Your heart expands. Every time. Feel every possible thing while you’re in it. You don’t have to share it or talk about it or ask about it. But you need to feel it. Quietly. Deeply. Fully.
– Victoria Erickson
After over a year of dealing with a mystery illness, and the recovery from the illness, and the repercussions of missing much work due to said illness, my health is finally mostly back to normal. And for the first time since I’ve been back at work full time, I have evenings and weekends mostly off.
These time periods of having a reasonable work schedule and good health at the same time have been fairly rare in the past two decades. While it is a state of being I constantly seek, achieving it is not all rainbows and sunshine. At first, euphoria settles in and movie watching or game playing or reading fill my time. Then suddenly, like tonight, I will find myself inexplicable overwhelmed by sorrow.
Like a swimmer no longer struggling to keep from drowning, I become aware of how much the salty seas sting. The temptation to choose happiness (as touted by talk shows, books, magazine and blog articles) is compelling, as are the many distractions of technology and entertainment. Yet there is something about sitting with the sadness, with the disquieting sensation of the imminent crying that is sure to happen if I don’t actively work to avert it.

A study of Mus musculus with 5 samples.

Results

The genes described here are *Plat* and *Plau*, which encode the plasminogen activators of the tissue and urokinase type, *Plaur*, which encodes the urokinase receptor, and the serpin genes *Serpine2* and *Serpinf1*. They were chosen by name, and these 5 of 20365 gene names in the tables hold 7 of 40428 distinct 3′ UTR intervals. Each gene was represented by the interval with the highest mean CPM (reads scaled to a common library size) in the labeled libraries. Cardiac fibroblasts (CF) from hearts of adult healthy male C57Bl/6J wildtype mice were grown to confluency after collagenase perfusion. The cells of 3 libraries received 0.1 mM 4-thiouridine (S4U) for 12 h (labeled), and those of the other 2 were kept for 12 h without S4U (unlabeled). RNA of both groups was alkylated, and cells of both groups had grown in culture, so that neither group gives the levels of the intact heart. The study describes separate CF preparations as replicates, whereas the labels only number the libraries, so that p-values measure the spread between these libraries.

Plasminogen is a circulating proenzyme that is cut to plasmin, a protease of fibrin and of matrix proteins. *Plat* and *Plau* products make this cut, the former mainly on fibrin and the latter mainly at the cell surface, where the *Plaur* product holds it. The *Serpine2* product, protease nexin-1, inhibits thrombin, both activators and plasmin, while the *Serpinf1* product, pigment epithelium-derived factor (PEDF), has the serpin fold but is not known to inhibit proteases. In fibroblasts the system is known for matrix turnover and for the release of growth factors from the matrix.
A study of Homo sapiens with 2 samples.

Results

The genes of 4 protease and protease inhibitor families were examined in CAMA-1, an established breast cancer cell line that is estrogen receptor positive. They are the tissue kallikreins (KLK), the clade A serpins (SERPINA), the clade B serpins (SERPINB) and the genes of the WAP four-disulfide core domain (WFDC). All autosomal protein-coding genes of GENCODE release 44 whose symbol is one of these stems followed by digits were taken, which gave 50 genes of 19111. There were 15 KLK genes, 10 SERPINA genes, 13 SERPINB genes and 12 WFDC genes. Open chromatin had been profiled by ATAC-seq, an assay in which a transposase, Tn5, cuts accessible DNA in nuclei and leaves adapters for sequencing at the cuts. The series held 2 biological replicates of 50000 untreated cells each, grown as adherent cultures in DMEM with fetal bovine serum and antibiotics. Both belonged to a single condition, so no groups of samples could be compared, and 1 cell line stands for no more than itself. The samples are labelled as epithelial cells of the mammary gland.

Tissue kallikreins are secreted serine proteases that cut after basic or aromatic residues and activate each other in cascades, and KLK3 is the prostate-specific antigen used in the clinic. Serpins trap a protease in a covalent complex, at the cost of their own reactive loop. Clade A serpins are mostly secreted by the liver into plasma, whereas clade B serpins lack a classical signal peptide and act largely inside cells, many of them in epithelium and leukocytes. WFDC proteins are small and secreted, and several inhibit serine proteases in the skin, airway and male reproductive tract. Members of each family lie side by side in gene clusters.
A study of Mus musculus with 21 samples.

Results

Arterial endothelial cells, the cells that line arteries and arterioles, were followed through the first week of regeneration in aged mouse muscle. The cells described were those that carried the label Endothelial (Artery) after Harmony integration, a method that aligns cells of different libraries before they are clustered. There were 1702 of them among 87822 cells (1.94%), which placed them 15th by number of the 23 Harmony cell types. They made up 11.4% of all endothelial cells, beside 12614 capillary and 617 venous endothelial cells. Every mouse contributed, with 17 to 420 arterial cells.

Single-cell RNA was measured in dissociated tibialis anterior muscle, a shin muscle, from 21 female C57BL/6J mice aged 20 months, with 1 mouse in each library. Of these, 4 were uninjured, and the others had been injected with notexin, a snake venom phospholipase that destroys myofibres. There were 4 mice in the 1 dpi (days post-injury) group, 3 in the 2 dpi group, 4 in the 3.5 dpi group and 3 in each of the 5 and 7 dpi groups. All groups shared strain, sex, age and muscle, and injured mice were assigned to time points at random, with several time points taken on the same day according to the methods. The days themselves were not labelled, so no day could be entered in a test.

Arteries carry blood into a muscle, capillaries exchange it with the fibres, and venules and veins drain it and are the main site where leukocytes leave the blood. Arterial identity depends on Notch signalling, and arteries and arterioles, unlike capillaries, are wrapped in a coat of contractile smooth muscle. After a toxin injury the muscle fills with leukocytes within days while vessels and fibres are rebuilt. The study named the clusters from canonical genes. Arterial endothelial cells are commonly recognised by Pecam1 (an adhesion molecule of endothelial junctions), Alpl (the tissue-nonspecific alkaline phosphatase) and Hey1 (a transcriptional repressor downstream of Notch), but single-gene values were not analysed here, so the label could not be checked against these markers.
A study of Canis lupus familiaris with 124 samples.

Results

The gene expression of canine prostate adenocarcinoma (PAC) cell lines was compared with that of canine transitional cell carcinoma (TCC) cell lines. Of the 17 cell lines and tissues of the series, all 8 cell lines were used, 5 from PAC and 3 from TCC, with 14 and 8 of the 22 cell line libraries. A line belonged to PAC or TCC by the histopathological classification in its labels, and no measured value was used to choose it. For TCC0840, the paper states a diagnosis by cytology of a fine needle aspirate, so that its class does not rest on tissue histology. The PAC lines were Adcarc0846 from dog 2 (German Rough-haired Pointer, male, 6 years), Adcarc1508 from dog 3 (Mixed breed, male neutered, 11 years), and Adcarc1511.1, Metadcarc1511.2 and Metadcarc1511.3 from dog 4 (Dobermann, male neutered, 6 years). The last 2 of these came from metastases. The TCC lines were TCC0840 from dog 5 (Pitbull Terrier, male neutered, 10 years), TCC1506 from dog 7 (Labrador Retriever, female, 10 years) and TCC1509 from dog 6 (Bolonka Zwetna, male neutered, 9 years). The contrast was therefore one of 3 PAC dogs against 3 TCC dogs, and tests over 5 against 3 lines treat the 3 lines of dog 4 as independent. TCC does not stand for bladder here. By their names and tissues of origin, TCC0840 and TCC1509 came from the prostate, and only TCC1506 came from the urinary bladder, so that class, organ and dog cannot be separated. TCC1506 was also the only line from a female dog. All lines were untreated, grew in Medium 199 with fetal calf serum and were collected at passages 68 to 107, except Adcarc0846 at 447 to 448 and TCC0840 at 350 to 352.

Over the years I’ve learned that this melancholy that settles in after a big push through an ocean of obstacles isn’t another obstacle to swim around. Rather, it is an island that, if I’m willing to trust it and sit in stillness for a moment, provides a new perspective to the flowing by of days.
It has taken me over a decade from my nervous breakdown to trust my sadness again, to see it as a friend rather than a dangerous demon. A place of reprieve and perspective; a place to sit and to be — quietly, deeply, fully.